Bay Area paper outs officers at center of the Oakland Police Department sexual assault scandal
For the past two years, the moniker "Celeste Guap" has become infamous in and around Bay Area police circles. It's the alias used by a woman who says that she was sexually exploited and trafficked by officers.
Now, thanks to new reporting by Darwin BondGraham at the East Bay Express, an Oakland-based weekly, has published the names of several police officers who are reported to have interfered in the investigation into the case, even blaming Guap for her own abuse and sitting by idly while key evidence in the case was destroyed.
The officers at the center of the scandal and cover-up, and named by the paper, include Deputy Chief John Loism homicide detectives Jason Anderson and Bradley Baker, Lt. Roland Holmgrenm who led the homicide unit, Lt. Trevelyon Jones who led OPD's internal affairs investigations, and Sgt. Paul Bernard, who oversaw the SVU vice/child exploitation unit at the time. Sean Whent, who was chief of police at the time of the scandal, eventually resigned.
BondGraham and another reporter Ali Winston first reported about the scandal back in 2016, the sordid details of which are laid out in a series of explosive stories. The short story goes like this: in September 2015, an Oakland Police Officer named Brendan O'Brien committed suicide. He left a note detailing multiple sexual assault allegations against several fellow officers, who were later found to have trafficked the then-unidentified victim, Guap, who says that she was trafficked by more than 30 police officers across several different Bay Area departments.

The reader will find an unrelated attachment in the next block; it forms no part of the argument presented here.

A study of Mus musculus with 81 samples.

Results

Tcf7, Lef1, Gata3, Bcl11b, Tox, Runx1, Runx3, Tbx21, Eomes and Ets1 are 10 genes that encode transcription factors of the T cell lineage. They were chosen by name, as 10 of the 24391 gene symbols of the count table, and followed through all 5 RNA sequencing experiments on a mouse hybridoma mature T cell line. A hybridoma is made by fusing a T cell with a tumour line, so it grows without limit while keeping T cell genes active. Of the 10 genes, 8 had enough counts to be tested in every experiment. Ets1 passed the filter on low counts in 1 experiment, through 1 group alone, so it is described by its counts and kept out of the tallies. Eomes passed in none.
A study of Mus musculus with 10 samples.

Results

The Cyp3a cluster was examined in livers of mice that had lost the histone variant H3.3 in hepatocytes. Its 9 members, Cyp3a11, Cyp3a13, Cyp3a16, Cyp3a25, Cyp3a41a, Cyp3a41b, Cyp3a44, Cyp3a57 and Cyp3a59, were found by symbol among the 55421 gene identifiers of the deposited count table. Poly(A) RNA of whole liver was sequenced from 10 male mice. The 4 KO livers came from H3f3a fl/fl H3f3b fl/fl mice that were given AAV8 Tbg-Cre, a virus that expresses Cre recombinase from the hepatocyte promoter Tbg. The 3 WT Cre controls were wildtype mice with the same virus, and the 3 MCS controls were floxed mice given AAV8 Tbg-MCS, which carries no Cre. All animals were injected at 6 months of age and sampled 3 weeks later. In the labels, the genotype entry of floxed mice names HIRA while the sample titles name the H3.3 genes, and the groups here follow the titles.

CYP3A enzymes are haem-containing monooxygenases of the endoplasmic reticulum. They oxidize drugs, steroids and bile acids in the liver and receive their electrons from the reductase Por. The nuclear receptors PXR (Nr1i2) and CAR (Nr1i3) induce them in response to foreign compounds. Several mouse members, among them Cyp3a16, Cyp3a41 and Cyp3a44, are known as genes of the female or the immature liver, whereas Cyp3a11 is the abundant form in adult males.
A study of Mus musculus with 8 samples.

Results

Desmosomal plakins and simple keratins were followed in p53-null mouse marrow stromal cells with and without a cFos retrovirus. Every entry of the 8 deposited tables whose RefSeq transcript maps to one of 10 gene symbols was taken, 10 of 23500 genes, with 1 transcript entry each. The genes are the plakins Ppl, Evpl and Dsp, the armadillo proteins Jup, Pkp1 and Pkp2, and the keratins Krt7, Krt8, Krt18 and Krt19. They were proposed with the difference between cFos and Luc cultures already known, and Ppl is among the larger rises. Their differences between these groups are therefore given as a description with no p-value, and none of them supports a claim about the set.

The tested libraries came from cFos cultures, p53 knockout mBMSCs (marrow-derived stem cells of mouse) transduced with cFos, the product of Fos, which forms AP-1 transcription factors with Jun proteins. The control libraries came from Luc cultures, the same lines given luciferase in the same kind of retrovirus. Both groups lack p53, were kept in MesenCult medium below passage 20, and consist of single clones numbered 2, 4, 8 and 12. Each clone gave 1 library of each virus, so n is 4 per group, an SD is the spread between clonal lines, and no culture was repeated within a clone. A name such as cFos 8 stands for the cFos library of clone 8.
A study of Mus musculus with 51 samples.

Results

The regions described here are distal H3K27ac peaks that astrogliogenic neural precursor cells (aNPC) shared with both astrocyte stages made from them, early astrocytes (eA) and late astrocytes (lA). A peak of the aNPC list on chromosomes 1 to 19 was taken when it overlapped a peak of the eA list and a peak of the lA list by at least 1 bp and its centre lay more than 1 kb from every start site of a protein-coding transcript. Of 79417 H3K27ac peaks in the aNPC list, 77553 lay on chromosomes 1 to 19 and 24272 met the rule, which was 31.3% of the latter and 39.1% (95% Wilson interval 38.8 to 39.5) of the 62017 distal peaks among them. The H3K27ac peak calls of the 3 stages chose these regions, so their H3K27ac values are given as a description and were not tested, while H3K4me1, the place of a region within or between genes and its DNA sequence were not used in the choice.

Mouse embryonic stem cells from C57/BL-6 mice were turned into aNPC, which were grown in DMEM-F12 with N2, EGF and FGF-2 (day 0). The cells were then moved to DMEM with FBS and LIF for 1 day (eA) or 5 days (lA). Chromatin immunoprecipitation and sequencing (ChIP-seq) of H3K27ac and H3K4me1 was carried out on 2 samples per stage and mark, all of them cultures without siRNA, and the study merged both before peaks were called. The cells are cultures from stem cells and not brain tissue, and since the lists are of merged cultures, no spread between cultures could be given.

As if the trafficking itself weren't bad enough, the attempted cover-up seems even worse. A court-appointed investigator's report found that the Oakland Police Department's investigation into its own officers to be "wholly inadequate." Officers failed to follow-up on promising leads, blamed Guap for O'Brien's suicide, and even stood aside and watched as she destroyed crucial evidence.
"The victim later identified both of these tactics as ones that made her disinclined to share information," the attorneys concluded in the report. "She felt the investigators implied she would not be believed, and if she were, she would cause additional officers to hurt themselves."
This had a devastating effect on the case. "At virtually every stage, OPD commanders and officers took steps to downplay the allegations, ignore evidence and leads, and prematurely close the case," BondGraham writes in the East Bay Express. "They also disrespected the victim, who was 18-years-old at the time, but was exploited by multiple cops when she was a minor, and treated her with hostility.
What makes this story even more heartbreaking is that Oakland is already home to what some have called an "epidemic" of sex trafficking. It's hard to get a definitive number of sex trafficking victims because so few come forward, but in 2012 there were an estimated 20.9 million human trafficking victims worldwide, according to the International Labor Organization. Each year, at least 100,000 children under the age of 18 are prostituted in the United States, while up to 325,000 are at-risk for commercial exploitation. Since 2011, 46% of all prosecuted human trafficking cases in California come from the Alameda District Attorney's office.
Mic has reached out to the Oakland Police Department for comment on the report, but hasn't heard back.